I just came back from training camp with my cross-country skiing club, LYN SKI, and let’s just say that the training was hard enough. I felt really good and focused through the whole week, but this week I need to slow down a little and let the body recover properly before adding on a higher training load. Speaking of load…
…Today was a tough day and yesterday was also a tough day. On yesterday’s training I felt fatigued and my heart rate was about 10 beats higher than it should have been on such an easy speed during the evening run with LYN.
I tried to run really easy and make my movements as energy economic as possible, breathe calmly and just relax into the pace. No luck with that though, and my legs felt, not heavy, but like I did not control them completely.
I ran at the front of the pack or ahead. Instead I should have hung back and joined the tail of the group in the hope of a slower pace. Everyone will catch up when we stop to for a sip of water anyway. The reasons for me running up there yesterday is that I don’t like it when people are waiting for me and also the pace usually suits me just fine when we are training with the juniors.
During one week of training camp I had 23 hours of training with 4 hard sessions, where 3 of them were planned and 1 of them became a 2.5 hour skate session in zone 3 and low zone 4, because I didn’t have the patience to slow down. See the pattern here?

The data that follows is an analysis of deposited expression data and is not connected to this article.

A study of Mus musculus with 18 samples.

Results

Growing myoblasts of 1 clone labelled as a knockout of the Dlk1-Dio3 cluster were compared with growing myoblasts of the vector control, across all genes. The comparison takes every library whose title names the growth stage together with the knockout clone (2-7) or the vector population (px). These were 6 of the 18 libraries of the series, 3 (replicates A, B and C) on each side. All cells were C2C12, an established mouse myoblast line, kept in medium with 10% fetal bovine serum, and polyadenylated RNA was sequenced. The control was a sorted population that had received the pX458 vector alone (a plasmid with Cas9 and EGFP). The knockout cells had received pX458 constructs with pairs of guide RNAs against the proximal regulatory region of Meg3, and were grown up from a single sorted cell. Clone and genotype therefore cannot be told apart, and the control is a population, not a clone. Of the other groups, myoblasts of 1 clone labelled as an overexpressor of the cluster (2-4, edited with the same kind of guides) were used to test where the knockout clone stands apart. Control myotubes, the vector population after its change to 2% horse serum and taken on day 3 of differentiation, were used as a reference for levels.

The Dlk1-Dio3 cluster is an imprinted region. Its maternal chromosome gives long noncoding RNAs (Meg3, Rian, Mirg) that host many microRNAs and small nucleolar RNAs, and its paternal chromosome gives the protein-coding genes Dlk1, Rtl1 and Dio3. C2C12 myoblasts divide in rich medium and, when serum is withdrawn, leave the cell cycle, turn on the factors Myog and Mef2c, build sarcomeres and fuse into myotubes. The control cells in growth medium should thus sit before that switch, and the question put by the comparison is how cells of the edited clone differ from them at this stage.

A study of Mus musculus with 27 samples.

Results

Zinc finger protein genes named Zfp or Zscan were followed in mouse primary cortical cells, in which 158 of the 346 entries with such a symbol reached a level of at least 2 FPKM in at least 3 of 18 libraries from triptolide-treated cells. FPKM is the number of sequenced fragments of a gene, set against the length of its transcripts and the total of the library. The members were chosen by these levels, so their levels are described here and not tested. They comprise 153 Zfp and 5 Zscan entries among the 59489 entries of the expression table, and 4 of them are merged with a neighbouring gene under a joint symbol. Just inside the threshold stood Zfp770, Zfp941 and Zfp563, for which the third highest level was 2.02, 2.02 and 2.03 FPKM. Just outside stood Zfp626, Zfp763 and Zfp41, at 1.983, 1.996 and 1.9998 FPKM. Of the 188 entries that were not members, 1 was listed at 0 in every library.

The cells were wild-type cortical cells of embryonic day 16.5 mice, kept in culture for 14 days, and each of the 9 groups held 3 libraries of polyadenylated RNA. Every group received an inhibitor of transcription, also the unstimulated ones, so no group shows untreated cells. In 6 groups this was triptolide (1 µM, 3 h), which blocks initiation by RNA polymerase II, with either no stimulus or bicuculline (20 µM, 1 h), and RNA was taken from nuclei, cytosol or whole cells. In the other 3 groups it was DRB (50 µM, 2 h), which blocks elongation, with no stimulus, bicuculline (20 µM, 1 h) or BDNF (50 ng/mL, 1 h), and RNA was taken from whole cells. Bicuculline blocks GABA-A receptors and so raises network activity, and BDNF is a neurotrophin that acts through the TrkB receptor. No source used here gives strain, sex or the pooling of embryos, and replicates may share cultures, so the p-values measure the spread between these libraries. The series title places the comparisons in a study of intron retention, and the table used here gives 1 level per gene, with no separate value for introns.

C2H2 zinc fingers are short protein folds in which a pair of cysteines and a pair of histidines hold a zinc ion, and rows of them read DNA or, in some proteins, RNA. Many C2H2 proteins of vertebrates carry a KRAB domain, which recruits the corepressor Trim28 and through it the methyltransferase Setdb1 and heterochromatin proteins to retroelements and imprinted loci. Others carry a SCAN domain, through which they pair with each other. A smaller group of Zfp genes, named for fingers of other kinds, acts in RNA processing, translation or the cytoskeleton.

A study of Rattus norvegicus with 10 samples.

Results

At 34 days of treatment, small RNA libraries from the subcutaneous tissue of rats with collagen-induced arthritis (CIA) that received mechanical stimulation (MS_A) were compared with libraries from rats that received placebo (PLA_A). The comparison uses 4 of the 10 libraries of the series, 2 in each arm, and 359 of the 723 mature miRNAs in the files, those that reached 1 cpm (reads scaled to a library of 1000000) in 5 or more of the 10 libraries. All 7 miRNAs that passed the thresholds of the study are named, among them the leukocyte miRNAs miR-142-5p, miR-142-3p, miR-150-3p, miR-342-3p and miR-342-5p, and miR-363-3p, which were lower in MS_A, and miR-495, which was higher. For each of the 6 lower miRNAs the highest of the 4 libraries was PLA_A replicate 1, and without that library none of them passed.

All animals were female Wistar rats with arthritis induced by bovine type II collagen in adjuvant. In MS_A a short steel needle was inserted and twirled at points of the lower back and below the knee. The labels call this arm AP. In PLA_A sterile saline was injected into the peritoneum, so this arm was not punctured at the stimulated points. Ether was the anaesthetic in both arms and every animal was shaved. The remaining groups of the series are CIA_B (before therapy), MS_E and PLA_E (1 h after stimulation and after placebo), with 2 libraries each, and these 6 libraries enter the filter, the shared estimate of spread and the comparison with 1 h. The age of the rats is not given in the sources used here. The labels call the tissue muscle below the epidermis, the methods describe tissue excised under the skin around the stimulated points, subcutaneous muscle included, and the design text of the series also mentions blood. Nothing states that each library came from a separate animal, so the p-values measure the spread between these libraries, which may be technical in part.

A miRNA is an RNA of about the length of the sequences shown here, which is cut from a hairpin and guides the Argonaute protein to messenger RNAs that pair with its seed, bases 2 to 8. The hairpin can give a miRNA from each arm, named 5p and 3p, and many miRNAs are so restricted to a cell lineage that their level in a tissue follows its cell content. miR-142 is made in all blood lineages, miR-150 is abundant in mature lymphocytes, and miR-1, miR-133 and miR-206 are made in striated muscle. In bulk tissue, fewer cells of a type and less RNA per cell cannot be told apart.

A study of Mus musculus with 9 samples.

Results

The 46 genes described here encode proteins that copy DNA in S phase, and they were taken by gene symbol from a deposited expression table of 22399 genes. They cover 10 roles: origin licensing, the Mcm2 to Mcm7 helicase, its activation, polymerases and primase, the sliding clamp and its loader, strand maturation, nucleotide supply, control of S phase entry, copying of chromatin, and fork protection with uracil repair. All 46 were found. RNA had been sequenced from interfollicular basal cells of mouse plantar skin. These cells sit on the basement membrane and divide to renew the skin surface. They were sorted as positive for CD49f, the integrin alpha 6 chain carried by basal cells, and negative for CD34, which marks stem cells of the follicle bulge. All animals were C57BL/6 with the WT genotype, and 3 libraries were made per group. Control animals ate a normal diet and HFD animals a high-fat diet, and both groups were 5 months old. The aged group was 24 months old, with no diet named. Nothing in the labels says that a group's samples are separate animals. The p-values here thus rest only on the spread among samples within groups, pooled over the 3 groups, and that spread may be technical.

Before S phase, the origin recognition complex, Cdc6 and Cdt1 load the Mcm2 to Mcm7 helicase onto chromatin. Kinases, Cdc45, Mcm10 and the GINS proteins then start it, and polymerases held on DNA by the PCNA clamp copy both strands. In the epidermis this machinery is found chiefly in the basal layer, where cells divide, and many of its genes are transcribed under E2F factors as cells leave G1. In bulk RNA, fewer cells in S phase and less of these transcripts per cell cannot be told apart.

Not being completely egotistical with your training intensity in performance training is such a rookie mistake! Even with all my physiological knowledge I did it and I feel so stupid to have done it. Not the extra hard session on camp, because I made an educated choice with that one, but with yesterday’s training. My body really needed it to be easy, I made it moderate intensity and today I am paying for it in fatigue. Another rest day it is then!
In our break room at work I needed to went and told Performance Coach and AFPT colleague, Tomas Fjeldberg, about my rookie mistake at in practice yesterday (my colleagues at Magnat Center are the best!).
“Yes, that is wrong”, he agreed and confirmed. “It’s not like I would go and lift somebody else’s weights on the platform! Even if it was just a matter of one kilo, I’d absolutely adjust the weight to get the right intensity for me.”
WORD, Tomas! I love his analogy to weight lifting, because it made me understand so clearly that it is just sloppy work and may be a bit naive not to control the intensity relative to your physical form and shape of the day. And we can’t have sloppy work now, can we? As a firm believer in polarized training (easy-, lactate threshold- and high intensity) for my type of training goals it’s all about practicing what I preach. One session here or one session there on higher intensity than initially planned kill neither your, nor your current shape, but in the long run it might prevent you from peaking like you should, when you should.
I believe that if you can prevent somebody from making the same mistakes as you did, you should and I’m telling you this so that you can avoid the mistakes I knowingly did yesterday.
From now and until March 2017 I will not stand for it and I vow not to do it again! What I really should have done on such a day was to let the group go all together, not care if I had to hang back or I should have gone running all alone. Just me and my heart rate monitor watch.